U.S. scheduled passenger airlines employed 381,819 workers in January 2014, 0.5 percent more than in January 2013, the U.S. Department of Transportation’s Bureau of Transportation Statistics (BTS) reported today. January was the second consecutive month that full-time equivalent (FTE) employment for U.S. scheduled passenger carriers was higher than the same month of the previous year after 15 months of declines.
The January 2014 FTE total for scheduled passenger carriers was 1,777 more than in January 2013. Scheduled passenger airline categories include network, low-cost, regional and other airlines.
The five network airlines that collectively employ two-thirds of the scheduled passenger airline FTEs reported 0.4 percent more FTEs in January 2014 than in January 2013, the second month with more FTEs than the same month of the previous year for the group after 16 months of declines. US Airways, Alaska Airlines, American Airlines, and Delta Air Lines increased FTEs from January 2013 while United Airlines reduced FTEs. Network airlines operate a significant portion of flights using at least one hub where connections are made for flights to down-line destinations or spoke cities.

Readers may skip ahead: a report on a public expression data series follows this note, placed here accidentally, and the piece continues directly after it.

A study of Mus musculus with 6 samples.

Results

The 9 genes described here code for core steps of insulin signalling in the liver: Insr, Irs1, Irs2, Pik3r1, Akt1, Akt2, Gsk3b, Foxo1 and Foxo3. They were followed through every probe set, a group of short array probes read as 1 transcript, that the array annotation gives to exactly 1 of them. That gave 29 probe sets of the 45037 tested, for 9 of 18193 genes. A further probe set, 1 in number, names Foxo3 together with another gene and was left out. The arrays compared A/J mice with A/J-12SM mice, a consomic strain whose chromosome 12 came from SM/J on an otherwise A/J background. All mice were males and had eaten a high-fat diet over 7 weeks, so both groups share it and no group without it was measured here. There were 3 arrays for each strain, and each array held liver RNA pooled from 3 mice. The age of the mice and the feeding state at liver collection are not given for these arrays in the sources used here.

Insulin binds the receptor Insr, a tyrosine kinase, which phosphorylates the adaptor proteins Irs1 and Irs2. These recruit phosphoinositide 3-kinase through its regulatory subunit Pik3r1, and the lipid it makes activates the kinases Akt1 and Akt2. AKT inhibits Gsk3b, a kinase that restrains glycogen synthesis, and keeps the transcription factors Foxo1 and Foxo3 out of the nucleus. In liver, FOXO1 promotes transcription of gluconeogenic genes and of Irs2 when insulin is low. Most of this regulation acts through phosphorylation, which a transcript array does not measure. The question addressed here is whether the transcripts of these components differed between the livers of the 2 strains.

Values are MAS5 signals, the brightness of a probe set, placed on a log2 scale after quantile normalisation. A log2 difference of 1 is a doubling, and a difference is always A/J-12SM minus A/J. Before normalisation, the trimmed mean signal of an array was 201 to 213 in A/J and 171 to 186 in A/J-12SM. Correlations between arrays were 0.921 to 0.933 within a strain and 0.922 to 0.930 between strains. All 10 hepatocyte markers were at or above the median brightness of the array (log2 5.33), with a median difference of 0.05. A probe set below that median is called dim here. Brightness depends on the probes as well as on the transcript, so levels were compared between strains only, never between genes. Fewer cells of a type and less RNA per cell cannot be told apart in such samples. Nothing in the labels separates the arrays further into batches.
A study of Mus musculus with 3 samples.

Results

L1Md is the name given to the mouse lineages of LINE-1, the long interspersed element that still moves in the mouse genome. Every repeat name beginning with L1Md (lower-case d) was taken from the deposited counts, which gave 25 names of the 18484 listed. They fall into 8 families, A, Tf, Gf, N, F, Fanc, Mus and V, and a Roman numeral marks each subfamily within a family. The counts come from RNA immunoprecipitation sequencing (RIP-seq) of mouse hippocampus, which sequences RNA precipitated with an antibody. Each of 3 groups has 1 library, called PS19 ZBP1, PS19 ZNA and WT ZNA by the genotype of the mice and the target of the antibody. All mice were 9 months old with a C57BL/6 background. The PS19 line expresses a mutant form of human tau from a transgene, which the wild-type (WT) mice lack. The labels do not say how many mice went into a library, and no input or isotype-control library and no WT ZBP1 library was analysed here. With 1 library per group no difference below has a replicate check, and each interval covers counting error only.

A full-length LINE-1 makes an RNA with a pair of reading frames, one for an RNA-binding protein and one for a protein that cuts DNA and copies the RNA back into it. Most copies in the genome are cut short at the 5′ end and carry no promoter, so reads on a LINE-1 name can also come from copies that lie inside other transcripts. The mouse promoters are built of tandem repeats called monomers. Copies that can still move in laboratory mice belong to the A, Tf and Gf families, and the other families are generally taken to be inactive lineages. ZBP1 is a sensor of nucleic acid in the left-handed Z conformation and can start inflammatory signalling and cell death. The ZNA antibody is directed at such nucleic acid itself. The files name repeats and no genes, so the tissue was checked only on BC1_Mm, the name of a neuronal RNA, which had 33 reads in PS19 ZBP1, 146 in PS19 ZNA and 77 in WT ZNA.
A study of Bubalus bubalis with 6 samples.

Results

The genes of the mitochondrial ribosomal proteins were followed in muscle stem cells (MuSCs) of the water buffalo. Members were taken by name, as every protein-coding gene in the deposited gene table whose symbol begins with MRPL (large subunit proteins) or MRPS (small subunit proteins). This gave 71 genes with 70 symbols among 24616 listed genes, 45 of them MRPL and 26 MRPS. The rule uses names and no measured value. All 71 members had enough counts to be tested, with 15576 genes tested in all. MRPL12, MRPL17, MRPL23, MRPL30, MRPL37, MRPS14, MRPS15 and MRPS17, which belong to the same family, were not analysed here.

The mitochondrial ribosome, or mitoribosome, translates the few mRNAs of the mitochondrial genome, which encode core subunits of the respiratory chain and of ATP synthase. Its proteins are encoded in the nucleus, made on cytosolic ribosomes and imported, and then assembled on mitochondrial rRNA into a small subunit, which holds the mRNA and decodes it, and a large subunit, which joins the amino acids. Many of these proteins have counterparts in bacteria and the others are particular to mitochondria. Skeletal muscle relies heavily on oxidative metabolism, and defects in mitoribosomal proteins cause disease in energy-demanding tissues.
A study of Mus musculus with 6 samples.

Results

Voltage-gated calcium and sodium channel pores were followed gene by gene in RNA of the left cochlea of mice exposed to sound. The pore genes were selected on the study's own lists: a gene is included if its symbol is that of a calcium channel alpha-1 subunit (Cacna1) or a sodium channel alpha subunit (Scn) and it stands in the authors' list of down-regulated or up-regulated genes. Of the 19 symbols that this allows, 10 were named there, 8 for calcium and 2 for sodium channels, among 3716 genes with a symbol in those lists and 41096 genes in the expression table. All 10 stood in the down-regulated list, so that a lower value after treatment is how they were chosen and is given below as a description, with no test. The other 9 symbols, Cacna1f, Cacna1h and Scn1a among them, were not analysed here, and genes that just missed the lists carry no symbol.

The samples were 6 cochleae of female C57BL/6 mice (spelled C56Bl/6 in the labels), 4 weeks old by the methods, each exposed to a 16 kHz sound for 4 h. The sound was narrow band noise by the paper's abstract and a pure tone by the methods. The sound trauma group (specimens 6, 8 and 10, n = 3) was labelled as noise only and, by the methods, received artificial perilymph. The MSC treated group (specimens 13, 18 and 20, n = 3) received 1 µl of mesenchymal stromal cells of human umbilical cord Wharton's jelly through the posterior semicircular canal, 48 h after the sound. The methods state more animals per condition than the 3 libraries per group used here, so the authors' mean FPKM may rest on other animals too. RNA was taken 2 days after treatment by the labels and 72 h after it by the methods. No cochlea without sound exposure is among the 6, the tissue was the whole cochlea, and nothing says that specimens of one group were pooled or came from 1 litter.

Of the six low-cost carriers, four - Spirit Airlines, Allegiant Airlines, Virgin America and JetBlue Airways - reported an increase in FTEs from January 2013 while two - Frontier Airlines, Southwest Airlines - reported a decline. Low-cost airlines operate under a low-cost business model, with infrastructure and aircraft operating costs below the overall industry average.
Among the 13 regional carriers, five carriers reported reduced employment levels in January compared to the previous year: Endeavor Airlines, Chautauqua Airlines, Shuttle America, American Eagle Airlines and Air Wisconsin. Regional carriers typically provide service from small cities, using primarily regional jets to support the network carriers’ hub and spoke systems.